I recognize the struggles this pandemic has placed on the world. I am a recent university graduate. March 15th, 2020 marked my last day. I have always been a planner, so you better believe that I had things in line for a spectacular exit from my post-secondary career but…things didn’t work out that way. Job opportunities were pulled, and I was left wondering: what am I supposed to do now? I traveled home from Chicago to the small town of Saskatoon, Saskatchewan. There, I applied for jobs and kept my ear to the ground for any news involving professional sports.
Then, all at once, the announcements came: cancelled.
Sportswise, IndyCar has always been my first love. In 2006 I attended my first 500, watching Marco Andretti miss out on a rookie year win to Sam Hornish Jr., in the third closest finish in history. When I left the track that day, I was so sure I would be the first woman to win the Indy 500. As I grew older that changed. I began to discover who I was and what my skills were. I entered the world of sports communications, but I still held onto that childhood ambition and in turn, have dreams of working in IndyCar PR.
All of that to say…hearing about the cancellation of the Grand Prix of Long Beach in March was not what I wanted. The decision was understandable; it’s what the world needed. The drivers, teams and fans alike have a responsibility to help stop the spread of the virus, but that doesn’t mean I wasn’t gutted.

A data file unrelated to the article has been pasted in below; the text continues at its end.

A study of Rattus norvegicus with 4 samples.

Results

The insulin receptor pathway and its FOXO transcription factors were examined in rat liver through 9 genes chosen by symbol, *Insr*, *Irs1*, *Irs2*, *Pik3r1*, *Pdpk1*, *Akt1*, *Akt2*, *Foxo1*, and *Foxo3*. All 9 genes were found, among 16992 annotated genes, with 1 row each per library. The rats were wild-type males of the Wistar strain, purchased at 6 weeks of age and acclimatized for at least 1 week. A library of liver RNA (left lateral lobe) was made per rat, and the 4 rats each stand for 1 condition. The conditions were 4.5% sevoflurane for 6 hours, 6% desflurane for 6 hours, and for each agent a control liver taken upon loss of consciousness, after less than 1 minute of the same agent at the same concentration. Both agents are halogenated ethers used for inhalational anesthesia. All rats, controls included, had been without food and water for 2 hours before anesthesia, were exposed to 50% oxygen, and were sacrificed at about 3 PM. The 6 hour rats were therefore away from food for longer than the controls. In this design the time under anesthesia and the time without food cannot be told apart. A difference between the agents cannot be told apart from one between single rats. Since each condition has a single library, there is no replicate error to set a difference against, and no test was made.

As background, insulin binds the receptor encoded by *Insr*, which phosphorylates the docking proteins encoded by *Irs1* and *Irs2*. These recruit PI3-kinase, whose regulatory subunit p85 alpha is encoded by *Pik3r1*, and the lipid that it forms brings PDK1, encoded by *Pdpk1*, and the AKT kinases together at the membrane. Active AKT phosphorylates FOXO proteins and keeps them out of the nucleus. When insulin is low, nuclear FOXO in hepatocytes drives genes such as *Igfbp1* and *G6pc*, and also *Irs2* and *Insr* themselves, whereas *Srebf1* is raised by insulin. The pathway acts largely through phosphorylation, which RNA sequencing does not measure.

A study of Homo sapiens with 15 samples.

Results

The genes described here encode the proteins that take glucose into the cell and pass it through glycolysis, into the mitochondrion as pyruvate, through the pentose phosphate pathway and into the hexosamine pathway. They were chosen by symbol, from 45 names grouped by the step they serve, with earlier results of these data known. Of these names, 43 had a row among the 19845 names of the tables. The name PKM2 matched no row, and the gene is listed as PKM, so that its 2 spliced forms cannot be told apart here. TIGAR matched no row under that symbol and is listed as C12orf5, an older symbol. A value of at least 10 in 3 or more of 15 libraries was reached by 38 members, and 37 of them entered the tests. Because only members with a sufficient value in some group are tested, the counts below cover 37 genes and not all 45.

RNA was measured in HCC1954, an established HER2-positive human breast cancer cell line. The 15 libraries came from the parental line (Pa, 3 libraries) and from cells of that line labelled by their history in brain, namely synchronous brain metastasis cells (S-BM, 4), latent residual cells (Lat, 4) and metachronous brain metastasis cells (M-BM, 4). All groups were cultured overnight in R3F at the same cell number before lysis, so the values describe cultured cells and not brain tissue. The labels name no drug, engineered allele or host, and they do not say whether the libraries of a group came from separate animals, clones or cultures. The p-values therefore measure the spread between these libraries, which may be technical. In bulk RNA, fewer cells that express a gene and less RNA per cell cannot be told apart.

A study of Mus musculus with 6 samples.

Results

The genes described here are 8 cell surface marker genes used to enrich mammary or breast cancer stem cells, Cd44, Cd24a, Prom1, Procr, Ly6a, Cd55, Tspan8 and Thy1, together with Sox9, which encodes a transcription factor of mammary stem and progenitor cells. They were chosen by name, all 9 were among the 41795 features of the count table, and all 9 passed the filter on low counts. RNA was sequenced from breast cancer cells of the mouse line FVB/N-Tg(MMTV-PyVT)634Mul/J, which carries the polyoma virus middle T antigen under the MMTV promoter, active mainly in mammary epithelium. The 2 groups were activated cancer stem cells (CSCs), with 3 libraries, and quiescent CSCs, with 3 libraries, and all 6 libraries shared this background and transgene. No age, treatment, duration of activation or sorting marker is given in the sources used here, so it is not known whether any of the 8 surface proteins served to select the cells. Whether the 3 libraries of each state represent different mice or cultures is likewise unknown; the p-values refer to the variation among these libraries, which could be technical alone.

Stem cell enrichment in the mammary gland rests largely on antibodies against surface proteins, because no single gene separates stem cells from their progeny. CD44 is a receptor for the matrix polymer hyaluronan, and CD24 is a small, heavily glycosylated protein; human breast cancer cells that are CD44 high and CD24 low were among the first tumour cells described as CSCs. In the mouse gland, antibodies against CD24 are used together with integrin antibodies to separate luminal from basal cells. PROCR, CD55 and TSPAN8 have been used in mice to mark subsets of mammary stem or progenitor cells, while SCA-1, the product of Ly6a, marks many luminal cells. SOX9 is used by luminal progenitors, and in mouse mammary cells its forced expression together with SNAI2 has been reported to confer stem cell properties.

Soon after the cancellation and schedule change announcements, my open-wheel racing viewing habits changed. I was now invested in iRacing. I had Twitch open, while watching the NBC Sports broadcast. I mean, I felt like a real gamer even though I wasn’t participating myself. (By the way, Conor Daly’s streams were the best).
As the months dredged on with no IndyCar and still no job, I began to grow anxious. Like most, I felt I wasn’t doing enough. This discouragement then shifted to positivity as I was offered a job. Finally! Sports were re-opening; IndyCar was set to run the 500 with fans and I was going back to Chicago.
Three-weeks before the 500, I was set to start my new job and preparing to attend my 14th 500 (I missed one in 2007), but then the announcements came again: cancelled for fans.
So, here I am… no chance of being present for the “Greatest Spectacle in Racing.” I know that this has to happen to protect the health and safety of thousands of race fans, and I was actually a bit relieved hearing that IndyCar was committed to keeping Indianapolis safe, but I will miss it.
There is nothing like an Indy 500.
So yes, I feel relieved, I feel sad, nostalgic, but most importantly I feel determined. I am determined to work as hard as I can during this period of reflection and that is one of the reasons, I am starting this blog. I want to help spread the word of IndyCar and share my experience as a fan of one of the most competitive racing series in the world.